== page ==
Marine officers report mellow Fourth of July
July 8, 2013
Lake Tahoe’s waters rippled with thousands of boat wakes throughout the week, but officers in patrol vessels said few incidents were reported.
“There was certainly a whole lot of boat activity,” said Les Lovell, a marine officer with El Dorado County Sheriff’s Office. “But I will say, compared to year’s past, [Fourth of July] night was really mild. Folks were really cooperative. We didn’t have one reported boat accident.”
The weeks surrounding Fourth of July are typically the busiest time for boaters on the lake. Law enforcement and Coast Guard officials patrol the waters to ensure that the public remains safe on the water.
Lovell estimated more than 1,000 boats gathered for the annual Fourth of July fireworks. After the show is over, the menagerie of watercraft head in all directions. The scene is always chaotic and can be dangerous, said South Shore Coast Guard Auxillary member Victor Beelik.
“That is always a crazy situation,” Beelik said. “Amazingly enough very few accidents happened. Mostly what we have are people running out of gas or unable to get their engine started.”
El Dorado County Sheriff’s marine officers had a busier afternoon dealing with drunk beachgoers at Ski Beach, just west of Pope Beach, than they did after dark on July 4, Lovell said. Still, though there were a few arrests for drunken and disorderly conduct, there were no major incidents.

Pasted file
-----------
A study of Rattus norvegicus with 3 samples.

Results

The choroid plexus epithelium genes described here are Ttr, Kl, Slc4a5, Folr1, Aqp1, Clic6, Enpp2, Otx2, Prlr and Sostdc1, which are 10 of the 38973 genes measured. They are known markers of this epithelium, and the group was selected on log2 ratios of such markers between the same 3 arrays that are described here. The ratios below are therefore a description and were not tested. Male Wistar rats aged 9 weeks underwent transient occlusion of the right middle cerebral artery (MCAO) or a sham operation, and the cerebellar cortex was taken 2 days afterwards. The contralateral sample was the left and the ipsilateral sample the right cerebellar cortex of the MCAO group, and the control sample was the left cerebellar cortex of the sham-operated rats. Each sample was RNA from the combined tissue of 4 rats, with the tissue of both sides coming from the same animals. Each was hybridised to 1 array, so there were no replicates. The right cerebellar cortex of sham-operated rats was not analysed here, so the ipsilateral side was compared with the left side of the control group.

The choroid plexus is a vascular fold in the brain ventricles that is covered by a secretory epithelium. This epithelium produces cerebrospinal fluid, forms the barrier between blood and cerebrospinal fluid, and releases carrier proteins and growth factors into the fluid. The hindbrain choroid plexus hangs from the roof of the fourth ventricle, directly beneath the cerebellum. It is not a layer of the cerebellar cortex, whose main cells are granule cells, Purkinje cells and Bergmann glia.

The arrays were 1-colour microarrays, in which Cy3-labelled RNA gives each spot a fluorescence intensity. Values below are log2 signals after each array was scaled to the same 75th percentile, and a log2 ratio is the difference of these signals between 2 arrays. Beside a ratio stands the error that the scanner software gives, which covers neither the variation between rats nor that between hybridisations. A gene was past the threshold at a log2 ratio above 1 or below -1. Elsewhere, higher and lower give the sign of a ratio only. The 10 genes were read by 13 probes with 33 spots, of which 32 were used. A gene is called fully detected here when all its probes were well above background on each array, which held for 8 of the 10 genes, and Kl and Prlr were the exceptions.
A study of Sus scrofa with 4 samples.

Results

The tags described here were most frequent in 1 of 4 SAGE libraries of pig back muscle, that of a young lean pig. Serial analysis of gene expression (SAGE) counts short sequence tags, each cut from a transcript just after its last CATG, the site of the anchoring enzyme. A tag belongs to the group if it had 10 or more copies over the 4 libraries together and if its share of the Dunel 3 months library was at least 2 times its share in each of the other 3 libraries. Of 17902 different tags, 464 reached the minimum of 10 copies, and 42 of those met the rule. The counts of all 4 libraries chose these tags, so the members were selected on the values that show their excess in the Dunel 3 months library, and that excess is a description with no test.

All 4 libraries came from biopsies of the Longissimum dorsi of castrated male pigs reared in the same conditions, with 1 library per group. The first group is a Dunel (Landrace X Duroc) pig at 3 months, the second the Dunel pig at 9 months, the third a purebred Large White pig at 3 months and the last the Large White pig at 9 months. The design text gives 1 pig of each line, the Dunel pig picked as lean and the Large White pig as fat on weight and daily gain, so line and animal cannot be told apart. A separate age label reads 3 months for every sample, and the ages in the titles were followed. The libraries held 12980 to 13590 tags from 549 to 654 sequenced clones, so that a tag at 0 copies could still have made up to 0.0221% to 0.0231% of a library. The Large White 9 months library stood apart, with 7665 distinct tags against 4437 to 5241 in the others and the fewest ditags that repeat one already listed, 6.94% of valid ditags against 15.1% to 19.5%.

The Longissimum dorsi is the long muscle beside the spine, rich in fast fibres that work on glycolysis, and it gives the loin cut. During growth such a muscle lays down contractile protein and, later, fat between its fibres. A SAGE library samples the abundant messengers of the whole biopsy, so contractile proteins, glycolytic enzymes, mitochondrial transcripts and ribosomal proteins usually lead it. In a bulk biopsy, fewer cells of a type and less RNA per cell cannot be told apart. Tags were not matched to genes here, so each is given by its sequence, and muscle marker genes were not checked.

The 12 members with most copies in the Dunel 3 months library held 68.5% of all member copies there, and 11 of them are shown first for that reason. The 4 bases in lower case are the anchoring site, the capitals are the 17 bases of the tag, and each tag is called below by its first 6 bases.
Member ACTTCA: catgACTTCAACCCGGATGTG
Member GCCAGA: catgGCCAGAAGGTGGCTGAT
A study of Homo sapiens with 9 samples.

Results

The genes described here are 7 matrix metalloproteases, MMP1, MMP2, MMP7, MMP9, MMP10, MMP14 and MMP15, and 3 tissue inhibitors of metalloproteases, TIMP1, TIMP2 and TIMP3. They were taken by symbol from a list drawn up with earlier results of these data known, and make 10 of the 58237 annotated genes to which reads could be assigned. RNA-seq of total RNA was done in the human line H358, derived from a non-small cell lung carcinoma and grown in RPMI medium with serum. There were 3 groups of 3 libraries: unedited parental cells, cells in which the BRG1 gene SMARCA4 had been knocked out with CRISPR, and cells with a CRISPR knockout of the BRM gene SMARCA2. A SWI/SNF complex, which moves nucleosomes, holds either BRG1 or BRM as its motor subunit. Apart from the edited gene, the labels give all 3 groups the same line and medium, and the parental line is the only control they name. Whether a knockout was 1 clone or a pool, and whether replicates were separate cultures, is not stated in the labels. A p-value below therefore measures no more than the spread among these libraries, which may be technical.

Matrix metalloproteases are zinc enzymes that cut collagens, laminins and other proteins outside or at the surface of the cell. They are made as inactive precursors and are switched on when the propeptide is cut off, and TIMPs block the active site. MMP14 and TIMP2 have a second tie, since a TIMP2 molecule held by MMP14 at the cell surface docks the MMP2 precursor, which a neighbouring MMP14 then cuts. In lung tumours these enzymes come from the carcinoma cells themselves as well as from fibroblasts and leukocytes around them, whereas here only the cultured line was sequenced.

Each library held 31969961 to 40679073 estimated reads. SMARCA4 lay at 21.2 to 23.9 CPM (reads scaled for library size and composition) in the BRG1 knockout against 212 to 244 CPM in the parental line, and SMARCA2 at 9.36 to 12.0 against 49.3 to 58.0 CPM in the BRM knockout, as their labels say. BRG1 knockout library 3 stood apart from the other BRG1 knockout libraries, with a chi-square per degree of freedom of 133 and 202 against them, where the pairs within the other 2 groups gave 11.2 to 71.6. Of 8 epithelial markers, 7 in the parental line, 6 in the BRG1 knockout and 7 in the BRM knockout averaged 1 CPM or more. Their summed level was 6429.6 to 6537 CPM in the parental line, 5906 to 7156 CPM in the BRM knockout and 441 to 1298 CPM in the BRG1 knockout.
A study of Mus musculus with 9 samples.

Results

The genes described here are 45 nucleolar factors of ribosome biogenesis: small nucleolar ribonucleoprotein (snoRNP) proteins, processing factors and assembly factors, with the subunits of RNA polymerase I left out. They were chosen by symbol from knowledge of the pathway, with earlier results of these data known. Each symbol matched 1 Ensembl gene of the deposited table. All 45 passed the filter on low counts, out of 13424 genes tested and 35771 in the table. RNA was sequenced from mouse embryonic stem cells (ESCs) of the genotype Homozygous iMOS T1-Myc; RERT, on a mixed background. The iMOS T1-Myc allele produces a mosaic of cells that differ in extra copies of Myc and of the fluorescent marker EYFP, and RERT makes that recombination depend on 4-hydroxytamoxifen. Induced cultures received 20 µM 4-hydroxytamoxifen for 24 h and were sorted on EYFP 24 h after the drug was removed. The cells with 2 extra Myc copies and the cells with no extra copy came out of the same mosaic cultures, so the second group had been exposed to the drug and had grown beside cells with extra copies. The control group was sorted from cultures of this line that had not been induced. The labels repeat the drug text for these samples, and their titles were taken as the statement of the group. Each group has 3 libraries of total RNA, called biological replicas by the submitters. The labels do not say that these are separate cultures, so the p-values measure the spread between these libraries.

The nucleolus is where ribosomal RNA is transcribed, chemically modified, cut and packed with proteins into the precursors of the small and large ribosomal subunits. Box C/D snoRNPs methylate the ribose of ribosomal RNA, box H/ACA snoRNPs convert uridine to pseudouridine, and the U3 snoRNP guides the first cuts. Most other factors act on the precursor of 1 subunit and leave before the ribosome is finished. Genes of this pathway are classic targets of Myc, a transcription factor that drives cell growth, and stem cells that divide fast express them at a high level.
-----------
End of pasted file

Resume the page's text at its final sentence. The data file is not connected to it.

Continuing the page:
“Obviously, there’s a lot of boats on the water and people up here, but we haven’t had any major things happen,” said Lt. Pete Van Arnum of the El Dorado County Sheriffs Office.
Dangerous situations can arise quickly though, Lovell said. With a lot of inexperienced boaters on the water and lower water levels than normal, there have been a few accidents and boaters should always be aware, he added.
“We’re seeing a lot of boats into the rocks, especially in Emerald Bay,” he said. “Fortunately, we’ve only had a couple of significant rescues this year.”
One of those was the rescue of nine individuals from a capsized vessel near Dollar Point in late May, he said.
In addition to the sheriffs and Coast Guard, other agencies are tackling problems on the water.
South Lake Tahoe Police Department marine officers participated in Operation Dry Water, an annual nationwide effort to curb boating under the influence, June 28-30. The officers inspected 25 vessels over the weekend. There were no arrests and only a single citation issued for lack of a personal flotation device, said city spokeswoman Tracy Franklin.
Marine officers from El Dorado County Sheriffs Office, the South Lake Tahoe Police Department, the Coast Guard and the Coast Guard Auxilliary will continue to patrol Lake Tahoe throughout the summer. Safety is their No. 1 concern, Van Arnum said.
“They’re just out there trying to keep everybody safe, slowing them down, making sure they have the right safety equipment and that they’re not intoxicated,” he said.